Twist is an MIT-developed language that attempts to address bugs in Quantum Computing

Scientists from MIT’s Computer Science and Artificial Intelligence (CSAIL) have developed a new programming language for quantum computing. Called “Twist”, the language is specifically aimed at addressing data entanglement issues. If adopted by the developer community, Twist could help reduce bugs, errors, and improve the quality of data.

Quantum Computing is considerably more complex than traditional computing. However, just like any computer in existence today, even quantum computers need a programing language for developers to take advantage of their capabilities. The right language could help propel the technology from being an experimental science to mainstream usage.

Quantum computers don’t work well with traditional programming languages. These machines use qubits to encode information as zeros or ones, or both at the same time. Quantum computing deals primarily with “entanglement”, a computational multiplier for qubits of sorts, which translates to a lot of power. Technical jargon aside, this means these computers have a lot more complex way of crunching data in a very short amount of time.

While working with qubits, quantum computers have to deal with data entanglement. MIT claims that the Twist language can describe and verify which pieces of data are entangled in a quantum program. Fortunately, Twist uses syntax that a classical programmer can understand with ease.

Charles Yuan, an MIT PhD student in electrical engineering and computer science and the lead author on a new paper about Twist, says:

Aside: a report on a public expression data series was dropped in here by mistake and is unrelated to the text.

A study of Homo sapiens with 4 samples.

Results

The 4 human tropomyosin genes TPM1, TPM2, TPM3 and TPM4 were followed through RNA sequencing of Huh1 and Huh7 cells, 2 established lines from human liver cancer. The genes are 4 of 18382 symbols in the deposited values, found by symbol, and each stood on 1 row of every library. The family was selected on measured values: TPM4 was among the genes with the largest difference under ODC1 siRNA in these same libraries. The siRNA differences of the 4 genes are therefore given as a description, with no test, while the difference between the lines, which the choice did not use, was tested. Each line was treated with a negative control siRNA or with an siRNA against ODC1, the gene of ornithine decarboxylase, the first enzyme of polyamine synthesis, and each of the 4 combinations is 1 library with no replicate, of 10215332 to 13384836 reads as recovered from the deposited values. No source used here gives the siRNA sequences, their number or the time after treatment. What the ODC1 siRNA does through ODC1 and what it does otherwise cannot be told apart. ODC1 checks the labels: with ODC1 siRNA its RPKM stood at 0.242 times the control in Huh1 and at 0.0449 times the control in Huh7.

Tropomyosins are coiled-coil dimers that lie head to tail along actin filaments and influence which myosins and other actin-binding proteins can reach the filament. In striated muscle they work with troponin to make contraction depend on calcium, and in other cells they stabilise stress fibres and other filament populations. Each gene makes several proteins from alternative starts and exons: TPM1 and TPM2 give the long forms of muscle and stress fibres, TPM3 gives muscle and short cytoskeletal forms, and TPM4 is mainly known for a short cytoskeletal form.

“Our language Twist allows a developer to write safer quantum programs by explicitly stating when a qubit must not be entangled with another. Because understanding quantum programs requires understanding entanglement, we hope that Twist paves the way to languages that make the unique challenges of quantum computing more accessible to programmers.”

Twist could help bring down the complexity associated with quantum computing. It could help developers, who are proficient with mainstream programming languages, work with quantum computers without getting into the complexities of the technology.

By incorporating Twist, the runtime of programs that ran on a quantum computer increased by only four percent, claimed MIT researchers. However, the ability of the language to detect bugs and “purify” the data is far more valuable. A new language is one of the many steps researchers are actively taking to bridge the gap between conventional computing and quantum computing while keeping matters simple and understandable for the average developer.